Haidt’s work has shown that the liberal morality is built mostly on the foundation of care. Humans are mammals, and as such we spend a great deal of our lives rearing and caring for our young. We have an innate predisposition to care for others and to prevent one another from coming to harm. To a lesser extent, but still important to liberal morality, is the foundation of fairness/cheating. It is the idea, basically, of reciprocal altruism, and it is on this foundation, along with the other liberal foundations, which are built liberal notions of fairness. A third component of the liberal morality, new to Haidt’s research, is that of liberty/oppression. Humans are hierarchical by nature, but we tend to “gang up” and defend ourselves when we think we are being bullied by those above us on the hierarchy.
From the liberal moral foundations follows an understanding of morality as “preventing harmful or unfair consequences to other people.
In Haidt’s article “Morality,” (1) he says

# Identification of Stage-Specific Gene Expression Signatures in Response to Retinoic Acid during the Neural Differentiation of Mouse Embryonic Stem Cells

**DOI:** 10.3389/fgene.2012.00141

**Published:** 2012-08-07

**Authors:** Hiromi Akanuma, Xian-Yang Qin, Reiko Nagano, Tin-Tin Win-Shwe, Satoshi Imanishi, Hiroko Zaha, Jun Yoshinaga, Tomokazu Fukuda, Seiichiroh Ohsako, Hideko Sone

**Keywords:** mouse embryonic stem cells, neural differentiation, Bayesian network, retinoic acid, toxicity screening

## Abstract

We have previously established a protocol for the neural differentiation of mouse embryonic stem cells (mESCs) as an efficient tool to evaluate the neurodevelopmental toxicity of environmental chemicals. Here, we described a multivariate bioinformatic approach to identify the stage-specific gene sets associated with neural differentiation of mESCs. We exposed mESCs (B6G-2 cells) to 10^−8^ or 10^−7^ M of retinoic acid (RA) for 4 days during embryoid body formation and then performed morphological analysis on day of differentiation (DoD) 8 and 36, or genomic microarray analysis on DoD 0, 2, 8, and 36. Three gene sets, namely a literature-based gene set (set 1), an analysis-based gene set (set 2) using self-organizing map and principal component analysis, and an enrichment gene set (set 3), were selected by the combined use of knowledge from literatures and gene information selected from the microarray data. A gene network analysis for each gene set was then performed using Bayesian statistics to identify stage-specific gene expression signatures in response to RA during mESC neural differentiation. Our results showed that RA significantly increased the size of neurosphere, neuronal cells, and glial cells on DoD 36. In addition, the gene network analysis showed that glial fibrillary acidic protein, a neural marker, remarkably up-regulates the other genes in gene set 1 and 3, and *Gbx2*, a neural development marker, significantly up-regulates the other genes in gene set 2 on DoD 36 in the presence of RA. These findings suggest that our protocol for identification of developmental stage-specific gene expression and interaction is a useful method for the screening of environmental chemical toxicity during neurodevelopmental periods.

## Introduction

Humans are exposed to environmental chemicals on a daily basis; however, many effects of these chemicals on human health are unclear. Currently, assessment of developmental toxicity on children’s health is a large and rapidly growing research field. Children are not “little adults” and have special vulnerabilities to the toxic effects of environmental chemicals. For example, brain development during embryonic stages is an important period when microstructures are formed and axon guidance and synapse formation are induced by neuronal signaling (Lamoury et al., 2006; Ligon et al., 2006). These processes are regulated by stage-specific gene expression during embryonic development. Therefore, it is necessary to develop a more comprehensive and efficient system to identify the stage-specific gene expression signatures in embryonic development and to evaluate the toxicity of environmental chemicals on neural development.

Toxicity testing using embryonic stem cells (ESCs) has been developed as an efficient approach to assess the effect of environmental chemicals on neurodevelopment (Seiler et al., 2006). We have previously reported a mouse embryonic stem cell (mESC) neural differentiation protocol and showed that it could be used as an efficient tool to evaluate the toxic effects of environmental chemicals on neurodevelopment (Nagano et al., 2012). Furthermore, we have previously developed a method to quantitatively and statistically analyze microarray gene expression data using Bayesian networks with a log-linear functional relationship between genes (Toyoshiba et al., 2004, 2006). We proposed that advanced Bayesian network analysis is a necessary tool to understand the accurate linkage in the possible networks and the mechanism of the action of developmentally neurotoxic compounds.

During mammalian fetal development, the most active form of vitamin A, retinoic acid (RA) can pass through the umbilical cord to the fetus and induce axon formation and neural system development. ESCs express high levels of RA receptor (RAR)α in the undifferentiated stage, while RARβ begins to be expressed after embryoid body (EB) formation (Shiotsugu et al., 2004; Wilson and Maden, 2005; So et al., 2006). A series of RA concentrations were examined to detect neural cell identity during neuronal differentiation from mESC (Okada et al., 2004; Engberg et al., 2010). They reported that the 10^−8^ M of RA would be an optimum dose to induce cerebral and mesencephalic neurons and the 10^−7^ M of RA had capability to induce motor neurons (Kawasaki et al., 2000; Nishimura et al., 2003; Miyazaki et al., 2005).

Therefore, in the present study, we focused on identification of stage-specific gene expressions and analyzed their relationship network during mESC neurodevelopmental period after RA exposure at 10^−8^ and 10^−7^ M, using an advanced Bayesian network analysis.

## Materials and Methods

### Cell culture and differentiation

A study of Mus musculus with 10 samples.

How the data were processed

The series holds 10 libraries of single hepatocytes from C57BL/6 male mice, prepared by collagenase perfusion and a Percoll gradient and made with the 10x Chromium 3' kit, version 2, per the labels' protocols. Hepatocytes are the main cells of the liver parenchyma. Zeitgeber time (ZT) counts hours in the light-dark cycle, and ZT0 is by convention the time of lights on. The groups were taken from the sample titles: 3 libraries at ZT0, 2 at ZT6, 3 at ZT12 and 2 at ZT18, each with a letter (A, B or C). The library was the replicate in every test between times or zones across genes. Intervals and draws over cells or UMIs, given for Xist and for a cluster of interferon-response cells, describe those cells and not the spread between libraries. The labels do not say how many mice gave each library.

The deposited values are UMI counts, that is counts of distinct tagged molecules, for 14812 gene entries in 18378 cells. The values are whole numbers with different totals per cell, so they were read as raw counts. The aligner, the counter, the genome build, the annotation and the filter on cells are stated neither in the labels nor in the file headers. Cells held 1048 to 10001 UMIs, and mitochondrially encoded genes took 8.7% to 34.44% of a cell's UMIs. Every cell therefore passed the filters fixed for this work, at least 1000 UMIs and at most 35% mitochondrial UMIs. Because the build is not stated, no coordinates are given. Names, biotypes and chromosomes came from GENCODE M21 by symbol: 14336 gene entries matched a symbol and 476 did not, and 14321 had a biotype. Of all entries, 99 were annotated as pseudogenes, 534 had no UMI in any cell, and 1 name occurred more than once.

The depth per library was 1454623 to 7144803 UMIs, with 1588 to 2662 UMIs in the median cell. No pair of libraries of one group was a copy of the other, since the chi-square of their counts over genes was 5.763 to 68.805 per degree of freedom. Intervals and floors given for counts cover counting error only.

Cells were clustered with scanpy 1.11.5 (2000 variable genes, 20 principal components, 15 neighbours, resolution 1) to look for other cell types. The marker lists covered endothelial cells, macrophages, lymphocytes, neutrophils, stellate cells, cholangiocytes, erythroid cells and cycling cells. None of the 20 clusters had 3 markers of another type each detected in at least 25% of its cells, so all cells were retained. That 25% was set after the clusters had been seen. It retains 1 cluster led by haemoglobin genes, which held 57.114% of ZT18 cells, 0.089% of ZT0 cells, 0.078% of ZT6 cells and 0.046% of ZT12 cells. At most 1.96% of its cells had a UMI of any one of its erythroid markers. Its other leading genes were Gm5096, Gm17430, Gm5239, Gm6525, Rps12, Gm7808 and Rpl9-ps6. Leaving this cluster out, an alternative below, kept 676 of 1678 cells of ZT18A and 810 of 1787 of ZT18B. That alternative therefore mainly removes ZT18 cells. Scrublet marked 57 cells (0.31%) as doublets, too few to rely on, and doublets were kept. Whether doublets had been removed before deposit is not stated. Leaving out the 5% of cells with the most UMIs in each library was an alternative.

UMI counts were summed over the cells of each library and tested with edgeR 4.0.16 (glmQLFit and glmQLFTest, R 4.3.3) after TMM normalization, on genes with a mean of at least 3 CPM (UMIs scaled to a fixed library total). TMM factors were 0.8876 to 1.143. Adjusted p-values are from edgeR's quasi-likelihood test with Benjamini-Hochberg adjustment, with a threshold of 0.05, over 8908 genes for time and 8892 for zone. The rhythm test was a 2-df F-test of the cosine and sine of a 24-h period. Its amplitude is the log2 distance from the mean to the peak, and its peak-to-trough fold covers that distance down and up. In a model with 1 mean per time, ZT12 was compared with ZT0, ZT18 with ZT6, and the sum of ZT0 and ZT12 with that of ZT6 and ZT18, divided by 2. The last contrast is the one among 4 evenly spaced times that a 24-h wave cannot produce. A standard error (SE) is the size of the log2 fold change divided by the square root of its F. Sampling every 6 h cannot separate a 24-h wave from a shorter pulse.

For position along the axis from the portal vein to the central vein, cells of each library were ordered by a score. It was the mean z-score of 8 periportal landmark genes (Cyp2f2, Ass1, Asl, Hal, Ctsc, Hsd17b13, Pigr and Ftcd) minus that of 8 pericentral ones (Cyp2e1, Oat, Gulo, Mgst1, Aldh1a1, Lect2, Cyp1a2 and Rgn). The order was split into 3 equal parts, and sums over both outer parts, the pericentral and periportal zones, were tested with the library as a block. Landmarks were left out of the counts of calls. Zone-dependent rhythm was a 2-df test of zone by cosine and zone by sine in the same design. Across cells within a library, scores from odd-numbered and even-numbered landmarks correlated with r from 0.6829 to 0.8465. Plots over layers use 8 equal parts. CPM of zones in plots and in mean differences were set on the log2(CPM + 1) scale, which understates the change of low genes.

“This way of thinking (morality = not harming or cheating others) has become a kind of academic common sense, an assumption shared widely by educated secular people. For example, in Letter to a Christian Nation, Sam Harris (2006,) gives us this definition of morality: “Questions of morality are questions about happiness and suffering . . . To the degree that our actions can affect the experience of other creatures positively or negatively, questions of morality apply.”
(1) Haidt, J., & Kesebir, S. (2010). Morality. In S. Fiske, & D. Gilbert (Eds.) Handbook of Social Psychology, 5th Edition.. Available on the Publications page of Haidt’s web site.